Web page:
Mississippi married couple discover they are biological twins: But is the story of a Jackson couple being brother and sister really true?
A Mississippi married couple have received a shock of their lifetimes after being informed they were biological twins after visiting an IVF clinic.
Nevertheless further research may have led to the since ‘viral story’ being another instance of fake news and news media ongoing failure to check verifiable sources along with the temptation to fabricate facts for hits for the sake of advertising revenue.
The original story appearing in the Mississippi Herald cited an unidentified, Jackson couple struggling to conceive a child having visited a clinic when a fertility doctor informed them they had striking similarities in their DNA.
The discovery came after a physician requested a DNA sample from both the male and female to get a profile of their genetic backgrounds.
Explained the un-identified doctor: ‘My first reaction was that they must have been related; perhaps they were first cousins, which does happen sometimes. However, looking closer at the samples, I noticed there were too many similarities.’
Adding, ‘With this in mind, I was convinced that both patients were fraternal twins.’
At one point the wife had implored the physician to ‘stop joking’.
A purported investigation led to to the discovery of the siblings having been separated at a young age after their biological parents died and adopted into different families, both not knowing about the other.
Thursday’s news left the couple at a loss with what to do, as marriage between siblings is outlawed in the southern state.
The media outlet went on to say neither the couple nor doctor could be named for patient confidentiality reasons.
After the doctor informed the husband and wife that they were related, the pair reported the Mississippi Herald tried to put together the pieces of their lives.
The report went on to say the couple realized their parents both died in a car accident and due to a filing error when they were adopted by other families, the adoption parents were never told about their child’s other sibling.
The pair unknowingly reunited while attending college and quickly bonded over their strikingly similar backgrounds and fell in love.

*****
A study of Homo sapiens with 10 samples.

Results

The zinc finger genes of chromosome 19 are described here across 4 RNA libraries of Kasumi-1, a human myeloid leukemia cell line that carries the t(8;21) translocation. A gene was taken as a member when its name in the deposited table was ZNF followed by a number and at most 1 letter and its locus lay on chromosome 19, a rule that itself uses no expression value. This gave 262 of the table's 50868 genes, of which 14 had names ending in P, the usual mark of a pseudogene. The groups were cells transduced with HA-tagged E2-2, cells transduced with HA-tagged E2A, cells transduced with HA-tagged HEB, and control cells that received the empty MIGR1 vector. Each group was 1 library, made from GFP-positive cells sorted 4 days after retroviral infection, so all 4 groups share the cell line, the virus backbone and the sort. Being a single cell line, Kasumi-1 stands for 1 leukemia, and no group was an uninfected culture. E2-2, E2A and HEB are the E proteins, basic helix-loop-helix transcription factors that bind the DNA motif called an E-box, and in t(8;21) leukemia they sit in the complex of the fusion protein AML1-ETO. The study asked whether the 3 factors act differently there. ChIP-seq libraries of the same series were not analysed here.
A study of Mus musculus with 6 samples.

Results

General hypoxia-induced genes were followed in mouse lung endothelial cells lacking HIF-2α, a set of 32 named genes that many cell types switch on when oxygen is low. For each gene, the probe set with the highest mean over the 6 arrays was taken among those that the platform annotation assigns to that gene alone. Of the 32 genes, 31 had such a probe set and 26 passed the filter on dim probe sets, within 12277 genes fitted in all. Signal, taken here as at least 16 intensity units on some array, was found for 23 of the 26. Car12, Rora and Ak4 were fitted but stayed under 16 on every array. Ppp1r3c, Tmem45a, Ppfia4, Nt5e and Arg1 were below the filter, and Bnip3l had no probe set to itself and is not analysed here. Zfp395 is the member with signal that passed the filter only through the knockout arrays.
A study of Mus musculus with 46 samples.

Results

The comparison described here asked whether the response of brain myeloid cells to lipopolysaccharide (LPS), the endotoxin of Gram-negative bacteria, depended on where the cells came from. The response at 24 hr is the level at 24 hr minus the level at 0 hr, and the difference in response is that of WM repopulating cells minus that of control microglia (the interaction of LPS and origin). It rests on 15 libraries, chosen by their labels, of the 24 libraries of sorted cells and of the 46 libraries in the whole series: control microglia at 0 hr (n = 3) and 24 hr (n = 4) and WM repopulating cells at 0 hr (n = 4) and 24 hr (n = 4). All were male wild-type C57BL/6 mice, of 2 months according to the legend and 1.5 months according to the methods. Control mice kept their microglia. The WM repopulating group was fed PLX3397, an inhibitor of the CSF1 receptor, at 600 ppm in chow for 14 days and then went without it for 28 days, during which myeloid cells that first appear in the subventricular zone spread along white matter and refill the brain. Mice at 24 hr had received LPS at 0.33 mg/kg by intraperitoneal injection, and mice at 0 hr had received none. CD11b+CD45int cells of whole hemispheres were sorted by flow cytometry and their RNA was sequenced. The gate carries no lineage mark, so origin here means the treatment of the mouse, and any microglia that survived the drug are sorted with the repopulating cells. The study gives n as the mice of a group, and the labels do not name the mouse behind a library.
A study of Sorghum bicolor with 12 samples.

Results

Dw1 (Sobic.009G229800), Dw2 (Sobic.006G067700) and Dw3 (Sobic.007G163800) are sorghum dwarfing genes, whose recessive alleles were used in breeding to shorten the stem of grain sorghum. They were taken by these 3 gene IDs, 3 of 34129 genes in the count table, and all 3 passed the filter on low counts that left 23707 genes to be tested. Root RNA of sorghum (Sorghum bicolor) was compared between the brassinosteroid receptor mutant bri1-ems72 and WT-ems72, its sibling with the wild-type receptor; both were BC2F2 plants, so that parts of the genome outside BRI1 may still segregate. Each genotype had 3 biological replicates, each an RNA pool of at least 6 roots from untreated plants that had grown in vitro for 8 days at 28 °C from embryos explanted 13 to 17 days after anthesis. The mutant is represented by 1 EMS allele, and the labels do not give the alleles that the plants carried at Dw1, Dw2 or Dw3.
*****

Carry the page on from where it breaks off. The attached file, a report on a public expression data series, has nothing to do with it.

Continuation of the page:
Reiterated the physician: ‘They were attracted to each other due to their similarities. They felt they could really connect with each other. If only they had known the truth, it could have saved them so much pain later on.’
Adding: ‘For me, it’s a particularly unusual case because my job is all about helping couples conceive a child. This is the first time in my career that I’ve been glad I haven’t succeeded in that regard.’
The penalty for marrying a sibling in Mississippi is up to 10 years in prison and a fine of $500.
Due to the highly unusual nature of this instance, the couple would not face any charges, noted the dailymail.
Not necessarily understood is how the Mississippi Herald or the dailymail were able to ascertain an expose of purported underlying events within a matter of two days, as most efforts to procure information from a government agency concerning births, deaths and adoptions are often a long wrought process.
Of note, a report via snopes cast doubt on the story, noting the initiating media outlet not having verifiable details (such as the byline of the reporter who wrote it, the name of the clinic, the identity of any medical specialist there, or the name of the patients involved).
A regard of the journal led this author to finding the purported media outlet only being in existence since April 10 and having a domain authority ranking as compiled by SEO MOZ of only 10.
Also dubious is the same site running a similarly non-detailed article about a man who claimed he was sexually seduced by a horse. A story which also failed to link to other verifiable sources.
Or that the Mississippi Herald‘s web site includes no contact information — no physical address, phone number, or e-mail address — for its office or any of its personnel.
Snopes also noted the story was virtually identical word-for-word (save for the change in locale) to one published by the web site of another non-existent newspaper, the Denver Inquirer, back in December 2016 (also just after that site’s establishment).